Persuasion IQ: The 10 Skills You Need to Get Exactly What You Want by Kurt W. Mortensen

Persuasion IQ: The 10 Skills You Need to Get Exactly What You Want

By Kurt W. Mortensen
AMACOM, 2008


The difficult thing about this book is that it cannot be digested in one or two readings; numerous study and practice is required to become adept at the skills described. In other words, it is more like a course textbook than a ready reference of good ideas.

Persuasion IQ also suffers somewhat from the author’s use of his own persuasion skills-he tries a little too hard to convince the reader of his point of view. In my opinion, the book could have been approximately 25 percent shorter, had the author jumped into his skill descriptions and their applications without spending so much time relating anecdotes to support the use of the particular skill set described.

Notwithstanding my reaction to these difficulties, this book is worth owning and studying to acquire the skills and techniques that Mortensen passionately believes will enhance one’s ability to achieve professional success. In this regard, his passion and belief are well-placed. Persuasion IQ will be of extraordinary benefit to anyone who takes the time and makes the effort to study the art of persuasion, which he sets forth so effectively.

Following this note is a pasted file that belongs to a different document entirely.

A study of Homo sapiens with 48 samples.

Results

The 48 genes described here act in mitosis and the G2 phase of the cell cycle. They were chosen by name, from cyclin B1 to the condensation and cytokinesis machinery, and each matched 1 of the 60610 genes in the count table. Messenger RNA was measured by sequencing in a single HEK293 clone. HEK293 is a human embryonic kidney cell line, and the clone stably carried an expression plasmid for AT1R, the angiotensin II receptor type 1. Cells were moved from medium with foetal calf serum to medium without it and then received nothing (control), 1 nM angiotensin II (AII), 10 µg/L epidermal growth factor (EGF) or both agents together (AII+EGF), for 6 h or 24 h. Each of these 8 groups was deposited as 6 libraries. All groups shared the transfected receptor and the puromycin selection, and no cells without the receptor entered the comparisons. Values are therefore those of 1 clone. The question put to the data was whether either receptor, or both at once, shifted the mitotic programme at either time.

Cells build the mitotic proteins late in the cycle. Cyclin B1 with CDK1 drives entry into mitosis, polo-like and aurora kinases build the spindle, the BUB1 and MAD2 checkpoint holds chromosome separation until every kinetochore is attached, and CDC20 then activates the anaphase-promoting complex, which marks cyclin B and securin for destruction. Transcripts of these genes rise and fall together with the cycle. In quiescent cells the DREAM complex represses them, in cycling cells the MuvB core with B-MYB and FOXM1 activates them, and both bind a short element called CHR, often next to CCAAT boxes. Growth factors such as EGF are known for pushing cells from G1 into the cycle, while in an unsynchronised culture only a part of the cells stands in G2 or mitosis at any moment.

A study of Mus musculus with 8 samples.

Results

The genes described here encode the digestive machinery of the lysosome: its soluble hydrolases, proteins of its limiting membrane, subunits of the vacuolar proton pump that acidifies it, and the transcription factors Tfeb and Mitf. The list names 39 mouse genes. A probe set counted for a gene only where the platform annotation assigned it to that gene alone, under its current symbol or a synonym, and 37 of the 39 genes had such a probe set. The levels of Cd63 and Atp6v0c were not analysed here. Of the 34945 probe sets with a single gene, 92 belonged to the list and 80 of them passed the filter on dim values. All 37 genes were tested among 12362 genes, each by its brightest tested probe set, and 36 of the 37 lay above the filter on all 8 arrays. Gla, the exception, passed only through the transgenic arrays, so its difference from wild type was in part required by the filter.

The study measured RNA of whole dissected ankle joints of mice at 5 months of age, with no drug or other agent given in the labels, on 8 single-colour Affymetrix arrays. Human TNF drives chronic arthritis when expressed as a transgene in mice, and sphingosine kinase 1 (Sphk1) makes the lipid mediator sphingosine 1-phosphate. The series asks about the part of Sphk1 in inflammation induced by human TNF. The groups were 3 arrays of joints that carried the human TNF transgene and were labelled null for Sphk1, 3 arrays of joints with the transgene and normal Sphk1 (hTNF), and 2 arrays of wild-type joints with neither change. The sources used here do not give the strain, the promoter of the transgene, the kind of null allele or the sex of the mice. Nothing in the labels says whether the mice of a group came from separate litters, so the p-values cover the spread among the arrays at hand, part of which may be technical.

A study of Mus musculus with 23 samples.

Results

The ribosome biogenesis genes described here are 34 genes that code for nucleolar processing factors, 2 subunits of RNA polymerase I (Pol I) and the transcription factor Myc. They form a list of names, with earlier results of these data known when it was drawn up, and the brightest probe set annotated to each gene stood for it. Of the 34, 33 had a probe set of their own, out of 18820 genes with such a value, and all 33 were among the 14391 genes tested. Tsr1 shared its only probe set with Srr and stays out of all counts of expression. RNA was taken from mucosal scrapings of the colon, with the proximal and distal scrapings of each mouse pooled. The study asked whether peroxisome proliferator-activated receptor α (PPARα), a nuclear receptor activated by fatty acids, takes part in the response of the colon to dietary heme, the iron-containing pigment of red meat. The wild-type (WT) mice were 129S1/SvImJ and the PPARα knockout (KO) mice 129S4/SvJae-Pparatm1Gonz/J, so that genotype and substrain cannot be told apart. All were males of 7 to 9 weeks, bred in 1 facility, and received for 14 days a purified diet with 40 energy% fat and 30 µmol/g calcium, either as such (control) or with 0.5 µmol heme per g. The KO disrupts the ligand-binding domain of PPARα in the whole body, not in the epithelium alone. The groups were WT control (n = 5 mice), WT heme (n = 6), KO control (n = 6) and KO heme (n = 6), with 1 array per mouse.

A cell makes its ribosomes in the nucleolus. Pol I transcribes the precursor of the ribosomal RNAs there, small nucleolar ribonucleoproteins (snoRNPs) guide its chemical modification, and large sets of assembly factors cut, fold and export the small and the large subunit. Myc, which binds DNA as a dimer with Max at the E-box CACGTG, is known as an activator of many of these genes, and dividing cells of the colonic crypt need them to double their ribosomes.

An extensive description and analysis of each of the ten so-called Persuasion Quotient (PQ) skills is a bit beyond the scope of this review. Briefly, they include:

  1. How top persuaders mentally program themselves for success,
  2. Understanding how one’s audience thinks,
  3. Establishing automatic trust,
  4. The ability to influence other people, and
  5. Self-mastery and personal development.

In the Preface, Mortensen writes that his studies show that “those who enjoy greater happiness and wealth in life possess a high ability to persuade, influence, sell, negotiate, motivate, lead, and understand human nature.” In his conclusion, he offers four universal principles for success that showcase the passion he has poured into this writing and shine a light on his correct view that we can all prosper-personally and economically-by becoming adept at persuasion.